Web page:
Joy is a funny thing.
It’s a word that is thrown around to describe as many types of circumstances as one can think of. People speak of joy in many ways. They will say they are overjoyed that:
- they had enough coffee grounds left to make one last cup of joe
- they recently found out that they are expecting a child
- they made it on time to a meeting despite horrible traffic
- they just confirmed that their cancer is in remission
Google defines joy as “a feeling of great pleasure and happiness,” and basically asserts that joy is a simple emotion, such as being angry, happy, or sad. If this is indeed true, then living joyfully depends on the presence of a circumstance which invokes happiness, relief, or the absence of distress.
There is a “but” here. Just because joy is a gift that we receive does NOT mean that our role is purely passive. Joy is a gift we can seek out, and a gift that we can dispose ourselves to receive more readily and more consciously.
Is joy just for Christmastime…or not?
It’s easy to associate joy with the Christmas season. The uplifting music, sparkling decorations, and remembrance of Christ coming to earth make our “tidings of great joy” as natural as a snowy Christmas in New England.
Advent is a little tougher, and external circumstances don’t help. During this period, we have presents to buy, a home to prepare, extra food to make, short days with more darkness than sunlight, deadlines to meet before vacation (or exams to study for) among other things.
Spiritually speaking, the liturgy emphasizes humble recognition of our fallen state, poverty of spirit, penance, preparation, and the ache of waiting for the Savior to come and redeem our wounded and dirty souls.
This might not seem to be the most natural canvas on which to paint a picture of joyful living.
Lessons from Pope Francis on Joy-filled Living
Faced with this counter-intuitive canvas for joy, Pope Francis tells us:
“I can say that the most beautiful and natural expressions of joy which I have seen in my life were in poor people who had little to hold on to. I also think of the real joy shown by others who, even amid pressing professional obligations, were able to preserve, in detachment and simplicity, a heart full of faith. In their own way, all these instances of joy flow from the infinite love of God, who has revealed himself to us in Jesus Christ.” – Evangelii Gaudium, 7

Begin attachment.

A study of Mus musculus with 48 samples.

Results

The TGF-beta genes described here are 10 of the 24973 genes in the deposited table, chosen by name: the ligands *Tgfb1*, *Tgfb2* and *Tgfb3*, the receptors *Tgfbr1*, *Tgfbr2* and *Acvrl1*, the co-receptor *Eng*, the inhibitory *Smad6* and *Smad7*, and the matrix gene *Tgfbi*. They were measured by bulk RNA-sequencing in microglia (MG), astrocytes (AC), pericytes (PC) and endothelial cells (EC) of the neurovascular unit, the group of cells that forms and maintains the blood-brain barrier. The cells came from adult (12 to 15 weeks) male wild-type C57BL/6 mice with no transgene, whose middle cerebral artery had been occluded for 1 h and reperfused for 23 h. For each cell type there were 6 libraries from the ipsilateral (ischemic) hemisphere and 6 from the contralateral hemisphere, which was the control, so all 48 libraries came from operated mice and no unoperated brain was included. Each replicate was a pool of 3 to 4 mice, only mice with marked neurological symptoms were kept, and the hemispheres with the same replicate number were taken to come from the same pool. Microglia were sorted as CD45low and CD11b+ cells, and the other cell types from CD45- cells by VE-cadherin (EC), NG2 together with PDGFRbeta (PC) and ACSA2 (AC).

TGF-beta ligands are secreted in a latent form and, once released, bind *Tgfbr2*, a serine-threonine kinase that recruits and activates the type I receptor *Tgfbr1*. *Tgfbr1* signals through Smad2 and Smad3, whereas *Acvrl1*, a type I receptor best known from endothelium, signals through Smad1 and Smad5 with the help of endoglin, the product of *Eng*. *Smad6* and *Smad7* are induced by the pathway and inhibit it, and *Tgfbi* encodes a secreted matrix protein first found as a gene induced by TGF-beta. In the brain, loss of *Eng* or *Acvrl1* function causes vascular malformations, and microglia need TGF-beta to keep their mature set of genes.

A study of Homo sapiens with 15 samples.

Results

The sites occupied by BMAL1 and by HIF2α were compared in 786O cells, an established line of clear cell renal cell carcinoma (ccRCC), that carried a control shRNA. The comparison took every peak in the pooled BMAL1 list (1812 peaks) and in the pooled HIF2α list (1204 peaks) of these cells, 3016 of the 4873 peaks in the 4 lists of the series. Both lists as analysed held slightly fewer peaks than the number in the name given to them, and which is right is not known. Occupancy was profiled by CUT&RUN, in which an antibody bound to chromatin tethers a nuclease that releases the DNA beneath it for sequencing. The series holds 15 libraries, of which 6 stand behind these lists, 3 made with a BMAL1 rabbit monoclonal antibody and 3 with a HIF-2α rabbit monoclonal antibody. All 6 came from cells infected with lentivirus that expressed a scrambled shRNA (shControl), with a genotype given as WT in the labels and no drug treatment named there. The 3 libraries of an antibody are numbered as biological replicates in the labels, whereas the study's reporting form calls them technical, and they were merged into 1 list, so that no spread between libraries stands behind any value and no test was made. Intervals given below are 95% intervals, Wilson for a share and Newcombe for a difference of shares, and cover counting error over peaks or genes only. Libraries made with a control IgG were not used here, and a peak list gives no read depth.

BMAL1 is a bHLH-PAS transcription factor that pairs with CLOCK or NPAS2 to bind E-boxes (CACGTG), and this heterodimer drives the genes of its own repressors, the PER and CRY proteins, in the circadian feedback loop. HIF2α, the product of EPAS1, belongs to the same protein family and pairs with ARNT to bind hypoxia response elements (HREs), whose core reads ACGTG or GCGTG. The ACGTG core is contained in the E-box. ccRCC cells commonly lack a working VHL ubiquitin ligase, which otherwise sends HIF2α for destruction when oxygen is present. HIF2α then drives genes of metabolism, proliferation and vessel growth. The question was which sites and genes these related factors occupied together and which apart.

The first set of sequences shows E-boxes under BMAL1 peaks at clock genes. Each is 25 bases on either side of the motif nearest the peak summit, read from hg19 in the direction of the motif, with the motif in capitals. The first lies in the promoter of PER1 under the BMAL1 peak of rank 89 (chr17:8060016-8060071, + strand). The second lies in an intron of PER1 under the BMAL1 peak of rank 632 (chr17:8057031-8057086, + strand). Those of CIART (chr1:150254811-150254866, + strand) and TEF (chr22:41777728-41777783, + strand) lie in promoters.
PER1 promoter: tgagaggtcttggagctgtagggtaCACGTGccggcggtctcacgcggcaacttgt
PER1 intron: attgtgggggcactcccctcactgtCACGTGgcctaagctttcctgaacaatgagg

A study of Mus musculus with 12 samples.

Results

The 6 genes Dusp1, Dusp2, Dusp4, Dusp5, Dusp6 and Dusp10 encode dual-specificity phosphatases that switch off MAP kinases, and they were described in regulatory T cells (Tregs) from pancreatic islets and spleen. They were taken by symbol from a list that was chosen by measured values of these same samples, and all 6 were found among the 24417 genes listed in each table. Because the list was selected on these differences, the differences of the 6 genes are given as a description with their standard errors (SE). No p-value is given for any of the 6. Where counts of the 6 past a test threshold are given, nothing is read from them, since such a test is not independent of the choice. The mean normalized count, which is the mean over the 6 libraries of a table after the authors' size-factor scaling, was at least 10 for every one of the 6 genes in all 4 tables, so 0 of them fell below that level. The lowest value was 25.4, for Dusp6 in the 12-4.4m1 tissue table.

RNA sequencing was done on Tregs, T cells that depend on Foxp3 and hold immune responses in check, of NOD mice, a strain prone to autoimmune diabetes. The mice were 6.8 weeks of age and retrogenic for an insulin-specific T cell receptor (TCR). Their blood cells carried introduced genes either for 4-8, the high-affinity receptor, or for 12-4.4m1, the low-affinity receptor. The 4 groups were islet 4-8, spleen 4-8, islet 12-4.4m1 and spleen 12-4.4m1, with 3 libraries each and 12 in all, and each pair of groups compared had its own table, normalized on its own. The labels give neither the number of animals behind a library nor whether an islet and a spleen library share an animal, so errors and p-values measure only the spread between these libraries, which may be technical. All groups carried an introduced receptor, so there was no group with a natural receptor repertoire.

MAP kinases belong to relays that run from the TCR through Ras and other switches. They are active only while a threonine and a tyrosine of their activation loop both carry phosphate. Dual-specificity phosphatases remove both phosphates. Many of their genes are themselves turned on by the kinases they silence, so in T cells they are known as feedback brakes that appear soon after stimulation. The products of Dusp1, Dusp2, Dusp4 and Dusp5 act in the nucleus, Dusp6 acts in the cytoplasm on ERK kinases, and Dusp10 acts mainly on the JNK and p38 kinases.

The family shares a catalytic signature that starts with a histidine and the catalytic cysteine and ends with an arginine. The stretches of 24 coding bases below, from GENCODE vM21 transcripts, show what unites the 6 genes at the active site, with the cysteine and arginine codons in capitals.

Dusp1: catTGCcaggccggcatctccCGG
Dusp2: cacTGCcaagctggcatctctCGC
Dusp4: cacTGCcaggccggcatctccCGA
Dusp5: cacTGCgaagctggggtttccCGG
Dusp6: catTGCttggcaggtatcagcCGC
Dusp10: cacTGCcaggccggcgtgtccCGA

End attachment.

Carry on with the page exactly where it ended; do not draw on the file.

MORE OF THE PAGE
According to this reflection, joy is a fruit which comes from God’s love and the faith and love that we strive to practice. This means that it can touch us in any moment, regardless of what chaos swirls in or around us.
To bring this into greater perspective, Pope Francis adds:
“I realize of course that joy is not expressed the same way at all times in life, especially at moments of great difficulty. Joy adapts and changes, but it always endures, even as a flicker of light born of our personal certainty that, when everything is said and done, we are infinitely loved. I understand the grief of people who have to endure great suffering, yet slowly but surely we all have to let the joy of faith slowly revive as a quiet yet firm trust, even amid the greatest distress.” – Evangelii Gaudium, 6
Seeing the World through the Lens of Joy
One conviction which I believe we can take from these reflections is that joy is less of a single act or moment and more of a lens through which we can view every situation we encounter in life, regardless of the immediate, inescapable sentiments and circumstances.
Put in this light, joy can most certainly permeate our liturgical and personal seasons of Advent just as much as those of Christmas. But, as with all good and difficult things, it takes time and practice.
How can we form ourselves to be more active, conscious recipients of the grace of joy, especially when external circumstances are more likely to lend themselves to stress, fatigue, and suffering? Here are three tips.
Three Tips to Discovering Joy During Advent As Well As Christmas
Pray (Always the first answer!)
Ask God for the particular grace to receive His gift of joy more actively and consciously in your daily life.
Immerse yourself in good examples.
Ask advice from, and surround yourself with, people who are visibly living in a true spirit of joy. You can glean wisdom from the lives of the saints or from family, friends, and mentors.
Make small acts of love.
The Catechism tells us that joy is one of the fruits of charity (CCC 1829). If the “lens” of joy is cleansed and sharpened by charity, then there is no better, more active way to seek out joy than by seeking out chances to love. (Don’t worry, I have great confidence that God won’t leave you with a lack of opportunities!)